Iraq War Protesters March in Washington Christians opposed to the war in Iraq gathered at the National Cathedral in Washington, D.C., Friday night to pray and protest U.S. involvement in the Middle Eastern country. Protests are also set for Saturday in Washington.


Iraq War Protesters March in Washington


This is WEEKEND EDITION from NPR News. I'm Scott Simon.

Coming up: the most elegant of Irishmen. But first, Tuesday is the fourth anniversary of the U.S. invasion of Iraq and demonstrations around the country will mark the occasion this weekend. In Washington, D.C., last night, thousands of people opposed to the war gathered at the National Cathedral for an evening prayer service, then marched to the White House. There were more than 200 arrests for civil disobedience.

NPR's Rachel Martin reports.

RACHEL MARTIN: The National Cathedral was a sanctuary in the truest sense of the word last night. As the winds howled and freezing rain fell, more than 3,000 Christians from around the country gathered here for refuge, reflection and a call for an end to what they see as an unjust war.

(Soundbite of prayer service)

Reverend RAPHAEL WARNOCK (Senior Pastor, Ebenezer Baptist Church): We need a surge in troops in the nonviolent army of the Lord.

(Soundbite of clapping)

MARTIN: Reverend Raphael Warnock is the senior pastor at the Ebenezer Baptist Church in Atlanta, Georgia, the home church of Martin Luther King Jr.

Rev. WARNOCK: The danger confronting America is not that we may lose the war. The real danger is that America may well lose its soul.

(Soundbite of applause)

MARTIN: Reverend Jim Wallace is the founder of the group, Sojourners, which helped organize the event. Speaking near the end of the service, Wallace articulated the belief that had brought everyone here - that the war is an offense against God.

Reverend JIM WALLACE (Founder, Sojourners): The war in Iraq was not just a well-intended mistake or only mismanaged. This war, from a Christian point of view, is morally wrong and was from the very start.

(Soundbite of applause)

MARTIN: The crowd was filled with lay people, religious leaders and families who've lost some of their own in Iraq.

Ms. CELESTE ZAPALA(ph) (Resident, Philadelphia): I'm Celeste Zapala. I'm from Philadelphia, and I'm the mother of Sergeant Sherwood Baker who was killed in Baghdad on April the 26th, 2004.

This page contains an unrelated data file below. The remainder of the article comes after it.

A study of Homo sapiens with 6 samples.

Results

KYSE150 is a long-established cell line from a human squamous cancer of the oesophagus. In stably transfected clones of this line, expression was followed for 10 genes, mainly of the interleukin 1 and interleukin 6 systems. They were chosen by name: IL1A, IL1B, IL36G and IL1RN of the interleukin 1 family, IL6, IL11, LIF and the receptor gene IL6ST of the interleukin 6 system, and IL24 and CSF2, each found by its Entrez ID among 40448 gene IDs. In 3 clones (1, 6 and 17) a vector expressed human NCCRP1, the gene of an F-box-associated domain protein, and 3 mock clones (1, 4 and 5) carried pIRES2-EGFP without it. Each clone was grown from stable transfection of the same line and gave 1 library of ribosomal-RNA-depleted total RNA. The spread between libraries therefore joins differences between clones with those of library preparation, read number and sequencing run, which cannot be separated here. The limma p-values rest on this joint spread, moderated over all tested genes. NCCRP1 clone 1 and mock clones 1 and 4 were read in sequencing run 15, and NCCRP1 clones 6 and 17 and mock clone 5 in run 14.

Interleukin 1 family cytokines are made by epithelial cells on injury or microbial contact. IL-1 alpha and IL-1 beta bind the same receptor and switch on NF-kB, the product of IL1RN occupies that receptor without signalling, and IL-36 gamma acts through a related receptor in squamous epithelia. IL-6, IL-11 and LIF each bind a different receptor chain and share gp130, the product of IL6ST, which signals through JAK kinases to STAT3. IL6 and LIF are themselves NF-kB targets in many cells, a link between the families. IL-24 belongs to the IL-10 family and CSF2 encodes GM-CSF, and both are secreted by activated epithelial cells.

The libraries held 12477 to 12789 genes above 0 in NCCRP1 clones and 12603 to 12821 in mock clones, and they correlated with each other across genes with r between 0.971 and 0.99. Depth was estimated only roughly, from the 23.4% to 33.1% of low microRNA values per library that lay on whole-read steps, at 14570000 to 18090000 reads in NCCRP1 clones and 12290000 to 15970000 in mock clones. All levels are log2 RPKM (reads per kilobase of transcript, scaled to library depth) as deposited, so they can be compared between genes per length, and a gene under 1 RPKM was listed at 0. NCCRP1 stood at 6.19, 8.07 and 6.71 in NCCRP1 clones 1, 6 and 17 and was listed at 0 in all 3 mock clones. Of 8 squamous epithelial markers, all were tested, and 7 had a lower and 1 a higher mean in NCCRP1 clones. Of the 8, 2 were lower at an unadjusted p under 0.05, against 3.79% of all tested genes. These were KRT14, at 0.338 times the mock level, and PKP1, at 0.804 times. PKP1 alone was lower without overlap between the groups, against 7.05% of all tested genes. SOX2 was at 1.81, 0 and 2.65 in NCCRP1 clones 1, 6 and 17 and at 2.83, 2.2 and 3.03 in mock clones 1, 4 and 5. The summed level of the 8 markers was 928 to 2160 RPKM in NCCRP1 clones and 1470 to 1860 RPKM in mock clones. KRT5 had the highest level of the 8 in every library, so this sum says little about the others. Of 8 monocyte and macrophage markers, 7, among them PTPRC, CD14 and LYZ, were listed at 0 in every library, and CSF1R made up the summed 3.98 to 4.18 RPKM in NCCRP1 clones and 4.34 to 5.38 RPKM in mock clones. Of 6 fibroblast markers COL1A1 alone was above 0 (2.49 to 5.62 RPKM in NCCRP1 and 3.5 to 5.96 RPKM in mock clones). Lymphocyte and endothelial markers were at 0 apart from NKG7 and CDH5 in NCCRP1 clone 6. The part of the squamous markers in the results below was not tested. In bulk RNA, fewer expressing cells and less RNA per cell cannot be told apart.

MARTIN: She says it was incredibly painful to send her son off to a war she didn't believe in.

Ms. ZAPALA: And I feel like I kind of knew before when he left. I felt like I wasn't going to see him. And so I do the work I do, to speak against the war, because I honor his memory. I honor the goodness of him.

MARTIN: At the conclusion of the service, hundreds of people armed with snow boots, raincoats and electric candles ventured outside and started their three-mile walk to the White House.

(Soundbite of drumbeats)

MARTIN: Protesters near the front of the processional carried a wooden cross with American flags hanging from either side, and they raised their voices with their own battle hymn.

(Soundbite of drumbeats)

Unidentified Group: (Singing) (unintelligible) when the saints go marching in.

MARTIN: Verdeena Lee(ph), she's the one singing, drove from Ohio to be here. She says American leaders have sometimes used religious language to explain U.S. actions in Iraq and some conservative Christian leaders support the war. But she says they do not speak for her.

Ms. VIRGINIA LEE (Resident, Ohio): There are several hundreds, thousands of Christians who don't think that this war is right and it is time that we made our voice known.

MARTIN: Suzanne Doroughty(ph) is a grandmother from Virginia. She says it's taken four years for people of faith to wake up and start questioning the basis for the war.

Ms. SUZANNE DOROTHY (Resident, Virginia): The entire nation, I think, was subsumed in fear and I think fear won. And I think it kept people silent. It paralyzed us. So I'm glad to see that maybe we're coming back to life.

MARTIN: There will be other rallies this weekend in Washington. Some marchers will carry signs calling for an end to the war. Some will wear yellow ribbons to show their support and all will mark what most agree is a very grim anniversary.

Rachel Martin, NPR News, Washington.